What’s the Warranty on a Tesla Battery?

Your Tesla battery has eight years of warranty coverage or between 100,000 and 150,000 miles, depending on your model.
Written by Patrick Price
Reviewed by Melanie Reiff
  • The mileage limit for warranty coverage depends on your Tesla model.
  • Used EVs from Tesla may be covered under warranty for the original duration.
  • Tesla batteries should last well over 20 years with proper care.
  • For the best results, get a battery replacement at a Tesla service center.

Tesla battery warranty

Warranty terms: 8 years / 100k-150k miles, whichever comes first depending on model
The battery of every new Tesla is protected by the Battery and Drive Unit Limited Warranty which is included in the standard New Vehicle Limited Warranty. 
Tesla warranty coverage means that, as long as your Battery and Drive Unit Limited Warranty period is still active, your original battery will be repaired or replaced for free if it is defective—note that defects are different from damage due to normal use.
Now, the exact number of miles a battery is covered will vary depending on the specific Tesla model you have. Here’s a table with more info.
Tesla Model
Battery warranty period
Model S
8 years or 150,000 miles, whichever comes first
Model X
8 years or 150,000 miles, whichever comes first
Model 3 Rear-Wheel Drive
8 years or 100,000 miles, whichever comes
Model 3 Long Range
8 years or 120,000 miles, whichever comes first
Model 3 Performance
8 years or 120,000 miles, whichever comes first
Model Y Long Range
8 years or 120,000 miles, whichever comes first
Model Y Performance
8 years or 120,000 miles, whichever comes first

Tesla batteries are estimated to last 300,000 to 500,000 miles

Tesla CEO and co-founder Elon Musk claims that the average Tesla battery can be expected to last between 22 and 37 years or 300,000 to 500,000 miles. Since the oldest Teslas have only been on the road since 2008, there isn’t any hard data to support his claim yet. 

Signs your Tesla battery needs to be replaced

Just because your battery is not powering your car properly doesn’t necessarily mean you need a new one—the battery may just be dead! In this case, you can simply
jump-start
it. 
Here are key signs that your Tesla battery might need to be completely replaced:
  • The battery light is on: There is a warning light that will appear on your touchscreen specifically to notify you that there is an issue with your battery. If you see this light come on, it might be time for a replacement. 
  • No power to lights and horn: If your battery is on its last legs or has low battery capacity, you’ll notice that it is struggling or failing to provide power to the electrical systems in your car such as the lights and the horn. 
  • Engine cranks without starting: Without adequate power from the battery, your car cannot start. If your car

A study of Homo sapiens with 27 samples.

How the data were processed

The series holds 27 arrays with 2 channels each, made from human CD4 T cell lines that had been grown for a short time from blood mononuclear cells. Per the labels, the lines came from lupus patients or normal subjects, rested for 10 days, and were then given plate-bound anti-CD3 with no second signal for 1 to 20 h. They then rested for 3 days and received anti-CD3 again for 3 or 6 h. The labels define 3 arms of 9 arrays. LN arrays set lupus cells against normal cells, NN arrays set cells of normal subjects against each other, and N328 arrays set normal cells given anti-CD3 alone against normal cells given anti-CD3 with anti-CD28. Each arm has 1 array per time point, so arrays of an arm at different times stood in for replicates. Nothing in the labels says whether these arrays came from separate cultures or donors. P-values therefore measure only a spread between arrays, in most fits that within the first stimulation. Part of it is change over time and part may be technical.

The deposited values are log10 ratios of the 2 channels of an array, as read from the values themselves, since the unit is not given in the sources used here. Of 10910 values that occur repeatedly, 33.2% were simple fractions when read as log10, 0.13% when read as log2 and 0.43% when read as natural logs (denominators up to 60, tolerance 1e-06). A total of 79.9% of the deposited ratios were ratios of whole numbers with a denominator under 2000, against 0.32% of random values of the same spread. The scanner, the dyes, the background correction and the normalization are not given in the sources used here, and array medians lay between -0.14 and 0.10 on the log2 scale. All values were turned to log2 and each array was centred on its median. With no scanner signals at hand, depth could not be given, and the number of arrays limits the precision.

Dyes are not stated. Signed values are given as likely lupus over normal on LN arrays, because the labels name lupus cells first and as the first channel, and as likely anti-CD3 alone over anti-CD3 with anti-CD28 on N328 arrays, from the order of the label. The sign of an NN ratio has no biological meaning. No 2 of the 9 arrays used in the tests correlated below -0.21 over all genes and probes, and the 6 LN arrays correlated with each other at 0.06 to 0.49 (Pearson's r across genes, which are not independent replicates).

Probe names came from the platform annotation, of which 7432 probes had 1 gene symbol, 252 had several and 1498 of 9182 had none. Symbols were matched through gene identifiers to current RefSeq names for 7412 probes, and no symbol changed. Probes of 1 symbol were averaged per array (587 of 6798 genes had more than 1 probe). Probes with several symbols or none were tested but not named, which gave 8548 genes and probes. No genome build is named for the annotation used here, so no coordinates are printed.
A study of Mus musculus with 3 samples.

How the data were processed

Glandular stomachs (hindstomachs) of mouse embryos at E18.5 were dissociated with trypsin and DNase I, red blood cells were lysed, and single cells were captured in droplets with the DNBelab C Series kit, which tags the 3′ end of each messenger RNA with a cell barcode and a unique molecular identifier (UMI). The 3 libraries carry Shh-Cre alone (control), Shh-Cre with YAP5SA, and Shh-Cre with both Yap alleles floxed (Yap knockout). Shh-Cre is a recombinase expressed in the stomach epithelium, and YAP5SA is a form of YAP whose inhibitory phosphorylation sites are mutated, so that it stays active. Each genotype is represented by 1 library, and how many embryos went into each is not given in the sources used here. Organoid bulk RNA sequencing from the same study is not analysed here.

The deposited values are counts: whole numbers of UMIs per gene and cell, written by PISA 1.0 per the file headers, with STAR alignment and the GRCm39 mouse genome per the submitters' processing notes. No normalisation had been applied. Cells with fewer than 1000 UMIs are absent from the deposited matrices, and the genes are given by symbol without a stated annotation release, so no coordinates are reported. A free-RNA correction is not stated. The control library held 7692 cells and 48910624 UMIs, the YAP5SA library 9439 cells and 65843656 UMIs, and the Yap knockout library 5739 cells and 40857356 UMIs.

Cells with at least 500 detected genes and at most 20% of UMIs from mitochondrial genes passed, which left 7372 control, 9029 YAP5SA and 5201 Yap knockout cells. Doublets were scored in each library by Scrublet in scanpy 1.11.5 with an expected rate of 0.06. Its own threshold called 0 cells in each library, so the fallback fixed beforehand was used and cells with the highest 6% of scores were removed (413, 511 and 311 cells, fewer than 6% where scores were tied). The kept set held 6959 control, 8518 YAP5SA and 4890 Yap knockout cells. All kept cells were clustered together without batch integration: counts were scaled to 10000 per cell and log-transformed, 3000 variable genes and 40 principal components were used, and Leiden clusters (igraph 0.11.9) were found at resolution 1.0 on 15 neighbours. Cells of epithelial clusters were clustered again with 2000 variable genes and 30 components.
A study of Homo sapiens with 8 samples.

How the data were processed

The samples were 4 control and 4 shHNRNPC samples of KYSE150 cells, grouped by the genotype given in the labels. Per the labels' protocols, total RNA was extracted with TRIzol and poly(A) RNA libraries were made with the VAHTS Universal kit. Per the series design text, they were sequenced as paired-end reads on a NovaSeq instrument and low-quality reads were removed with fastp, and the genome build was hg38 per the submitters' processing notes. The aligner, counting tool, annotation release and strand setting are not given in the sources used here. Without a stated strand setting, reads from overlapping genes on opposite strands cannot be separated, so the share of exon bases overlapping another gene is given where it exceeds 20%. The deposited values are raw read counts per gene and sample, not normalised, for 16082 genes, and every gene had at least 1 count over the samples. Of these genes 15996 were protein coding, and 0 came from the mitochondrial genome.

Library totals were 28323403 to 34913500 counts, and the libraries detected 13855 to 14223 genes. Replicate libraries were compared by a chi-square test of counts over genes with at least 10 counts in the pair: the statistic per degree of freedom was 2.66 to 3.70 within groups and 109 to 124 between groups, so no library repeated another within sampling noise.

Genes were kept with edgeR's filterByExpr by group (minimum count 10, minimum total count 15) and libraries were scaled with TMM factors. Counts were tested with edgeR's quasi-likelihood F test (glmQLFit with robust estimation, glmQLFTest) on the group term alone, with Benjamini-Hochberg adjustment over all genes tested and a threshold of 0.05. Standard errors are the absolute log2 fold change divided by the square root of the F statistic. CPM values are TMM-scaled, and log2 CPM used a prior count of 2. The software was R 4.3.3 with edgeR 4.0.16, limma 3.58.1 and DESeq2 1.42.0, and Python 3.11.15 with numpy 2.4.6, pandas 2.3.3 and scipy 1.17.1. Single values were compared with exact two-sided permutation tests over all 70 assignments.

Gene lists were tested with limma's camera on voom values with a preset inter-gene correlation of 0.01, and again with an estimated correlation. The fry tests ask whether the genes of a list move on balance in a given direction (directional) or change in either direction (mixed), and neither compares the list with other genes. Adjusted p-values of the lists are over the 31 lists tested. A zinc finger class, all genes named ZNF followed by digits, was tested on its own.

struggles or fails to start
    , you might be dealing with a defective battery.
  • Swollen battery case: If you notice that your battery is swollen, you should call for towing immediately. This is a major safety concern as swollen batteries can explode. You should not drive a car with a swollen battery for any reason. 
  • Leaking battery: This is an obvious sign that there is a serious issue with your battery. It will need to be replaced ASAP. 

How to extend the lifespan of a Tesla battery

Extend the life of your Tesla battery by following these simple guidelines: 
  • Avoid frequent short trips: Your battery recharges while you’re driving. Short trips drain the battery without giving it adequate time to recharge.  
  • Don’t leave your car unused for long periods: If your car sits for too long, it will struggle to hold a charge.  
  • Double-check that your lights are off: Always make sure everything is off and nothing is draining your battery before you get out.  
  • Scrub your battery terminals: Prevent corrosion from accumulating by scrubbing your battery terminals with a toothbrush and baking soda. 
  • Steer clear of extreme heat: Minimize your car's exposure to extreme temperatures, especially heat. 
The Tesla battery warranty covers
car repair
costs during the warranty period, which is quite generous for electric vehicles. 
While there are some exclusions (like normal wear and recall advisories), your electric car may still benefit from an extended warranty or the Tesla extended service agreement for peace of mind—just see if
roadside assistance
is already offered under your existing warranty agreement.
Ultimately, Tesla vehicles are great cars that can last a long time with proper maintenance.
Jerry
saved me $80 a month! I have a Tesla Model Y and really wanted to lower my rates. And they did! I really recommend you give this a shot!” —Nick M.